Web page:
The price to press the button that will blow the former Trump Plaza Hotel and Casino to smithereens later this year has ballooned to $175,000.
To date, 15 online bids have been placed for the auction to implode the Atlantic City Boardwalk eyesore, with 15 days to go before the auction goes live at 1 p.m. on Tuesday, Jan. 19, complete with an auctioneer and the whole “Do I hear?” thing. And that auctioneer — Joe Bodnar, of Bodnar’s Auction of Edison — believes the bidding can get a little crazy from here on out.
“I’ve been doing this a long time, and the fact it’s already at $175,000 with two weeks left means it’s going to hit $300,000 no problem, probably $500,000, and who knows, that million might be in sight,” Bodnar said. “Really, the sky’s the limit.”
Slip sliding away
The property, which has sat empty since 2014, started shedding facade last year during a storm, causing the Atlantic City government to label the building a safety hazard. Soon thereafter, the city took billionaire developer Carl Icahn — who now owns the property after picking up the three-times-bankrupt Trump Entertainment Resorts portfolio in 2016 — to court in an effort to get him to tear the whole thing down.
Icahn’s reply? More or less “hold my beer,” as he stated that was the plan anyway.
The two sides quickly came to an agreement on a date to destroy the property in late January, since moved back to early February.
And while the minor legal battle above was being played out, Atlantic City Mayor Marty Small Sr. had a lightning bolt of an idea: bring a charity to the table to benefit from the blow-up.
“Some of Atlantic City’s iconic moments happened there, but on his way out, Donald Trump openly mocked Atlantic City, saying he made a lot of money and then got out,” said Small in a press release. “I wanted to use the demolition of this place to raise money for charity.”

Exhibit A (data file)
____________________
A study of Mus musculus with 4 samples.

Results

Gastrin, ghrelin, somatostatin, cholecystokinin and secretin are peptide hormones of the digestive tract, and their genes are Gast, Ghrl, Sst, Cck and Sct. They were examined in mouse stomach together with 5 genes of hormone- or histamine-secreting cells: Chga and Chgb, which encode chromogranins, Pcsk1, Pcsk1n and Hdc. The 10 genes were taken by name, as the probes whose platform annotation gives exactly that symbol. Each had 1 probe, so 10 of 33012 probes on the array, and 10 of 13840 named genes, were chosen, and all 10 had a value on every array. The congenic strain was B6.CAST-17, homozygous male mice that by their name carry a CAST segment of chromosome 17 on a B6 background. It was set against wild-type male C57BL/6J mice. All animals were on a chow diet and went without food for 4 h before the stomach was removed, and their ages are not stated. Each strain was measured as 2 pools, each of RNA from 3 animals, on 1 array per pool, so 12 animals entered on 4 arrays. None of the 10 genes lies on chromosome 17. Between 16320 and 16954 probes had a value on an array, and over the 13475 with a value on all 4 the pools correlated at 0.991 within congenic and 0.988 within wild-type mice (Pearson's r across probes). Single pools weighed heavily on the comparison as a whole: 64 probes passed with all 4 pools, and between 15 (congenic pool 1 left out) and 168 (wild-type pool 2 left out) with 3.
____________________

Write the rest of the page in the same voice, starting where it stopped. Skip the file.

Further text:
Boys & Girls Club to profit
Enter the Boys & Girls Club of Atlantic City, a group that will get all the money raised in the auction. Serving over 2,500 youth in Atlantic City, the Boys & Girls Club has also taken on new duties during the coronavirus pandemic such as providing hot meals to families in need, opening its doors to students to learn remotely during the day, and extending its hours so as to operate as a full-day daycare operation.
And while the auction price is creeping up and the Boys & Girls Club is undoubtedly excited, it’s still not quite where Short wants it to land.
“Personally, I’m a pretty ambitious guy. I want to raise at least $1 million,” Small told the Atlantic City Press.
Built in 1984, the Boardwalk hotel was basically at the terminus of the Atlantic City Expressway. In short, for many would-be Atlantic City visitors, it was the first thing they’d encounter when they came into town.
And for a while there, the hotel — and the adjacent Boardwalk Hall — was the site of many a boxing championship bout, including the 1988 Mike Tyson destruction of Michael Spinks.
It’s been nearly 13 years since the last time an Atlantic City hotel has been imploded, with the Sands holding that honor.